The right to choose

We support moves that look to increase the sustainability of tobacco growing.

In recent years, there has been considerable debate about the social, environmental and economic impact of tobacco growing, especially in developing countries.

Organisations such as the Framework Convention Alliance and the World Health Organization’s Framework Convention on Tobacco Control have called for tobacco farmers to be encouraged to switch to alternative crops.

Such calls are based on claims that tobacco growing has worse impacts than other crops. In particular, there are concerns regarding deforestation, the exacerbation of poverty and social inequality through bonded labour and child labour, and occupational health risks such as green tobacco sickness (GTS).

It is true that, like all crops, tobacco has impacts, but our approach to agriculture and working with farmers is designed to mitigate and reduce them.

We agree that governments should look at the impacts of tobacco growing, as with any commercial crop. But we believe this should be done in an inclusive and evidence-based way that takes into consideration the wider agricultural context.

As we actively engage with regulators and governments on this issue, we have developed five core principles which we believe can help guide their future policy decision making.

Independent evidence

Alternative crops
 
The evidence points to the need to carefully specify and understand context when investigating the role of tobacco cultivation in rural livelihoods and to contrast tobacco growers with non-tobacco growers. Policy makers need to ensure that context is taken into account, avoiding a 'one size fits all' approach." [1]
 

To help contribute to the evidence base on tobacco growing and to support public policy decision making, we commissioned independent research by Development Delivery International. The 2012 report, 'The role of tobacco growing in rural livelihoods' [1] , comprised a literature review of over 300 published sources, as well as investigations of three contrasting tobacco growing countries: Bangladesh, Brazil and Uganda.

The research concluded that there is no clear evidence to support allegations that tobacco cultivation poses a greater hazard to either the welfare of poor farmers or the environment compared to other available agricultural crops.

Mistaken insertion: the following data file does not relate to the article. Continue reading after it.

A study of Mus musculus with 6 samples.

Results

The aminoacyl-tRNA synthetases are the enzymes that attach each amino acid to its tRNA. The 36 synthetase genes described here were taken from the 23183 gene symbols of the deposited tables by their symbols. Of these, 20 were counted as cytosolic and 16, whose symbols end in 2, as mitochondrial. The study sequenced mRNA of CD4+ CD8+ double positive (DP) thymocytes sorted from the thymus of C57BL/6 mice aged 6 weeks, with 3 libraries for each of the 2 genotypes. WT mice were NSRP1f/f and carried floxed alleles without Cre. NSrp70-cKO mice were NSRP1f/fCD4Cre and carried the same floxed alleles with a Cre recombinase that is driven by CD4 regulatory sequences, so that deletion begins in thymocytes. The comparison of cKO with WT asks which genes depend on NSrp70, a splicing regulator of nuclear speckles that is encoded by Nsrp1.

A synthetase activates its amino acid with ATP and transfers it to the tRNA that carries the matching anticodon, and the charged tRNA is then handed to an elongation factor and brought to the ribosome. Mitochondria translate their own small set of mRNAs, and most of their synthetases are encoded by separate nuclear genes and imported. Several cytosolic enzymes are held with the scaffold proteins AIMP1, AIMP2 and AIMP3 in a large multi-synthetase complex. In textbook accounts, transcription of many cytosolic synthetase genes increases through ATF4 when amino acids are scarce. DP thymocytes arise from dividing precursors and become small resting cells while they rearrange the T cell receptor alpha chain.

The role of tobacco growing in rural livelihoods - Development Delivery International (4,289 kb) 

Shaping the future

We recommend five core principles for guiding future policy on tobacco growing. We believe future policy should be:

Evidence-based
  • Driven by demand and market dynamics
  • Based on sound research and scientific evidence
  • Understands the long-term nature of agricultural issues
  • Considers the local context and that moves to alternative crops might have a bigger impact in some countries
Holistic
  • Adopts a broad approach to agricultural problems as the majority of the challenges of tobacco growing are common to most crops
  • Understands that tobacco is part of a mixed agricultural system grown alongside or in rotation with other crops
  • Acknowledges the initiatives already underway, to avoid duplication and ensure resources are used efficiently
Locally relevant
  • Takes local political, economic and environmental factors into account
  • Gives precedence to local implications and priorities
  • Finds practical, workable solutions that can be adapted locally
Inclusive
  • Allows all participants in the tobacco growing supply chain to participate in decision making
  • Takes a consultative approach, to cover wider issues such as the environment, regional communities, excise and the labour market
  • Does not restrict the tobacco industry’s existing support for farming communities, as this may exacerbate poverty and poor environmental management
Respectful of livelihoods
  • Prioritises farmers and their communities
  • Ensures farmers continue to be free to choose which crops they grow
  • Acknowledges the significant role tobacco farmers play in their local communities
[1] Development Delivery International, The role of tobacco growing in rural livelihoods: rethinking the debate around tobacco supply reduction, February 2012.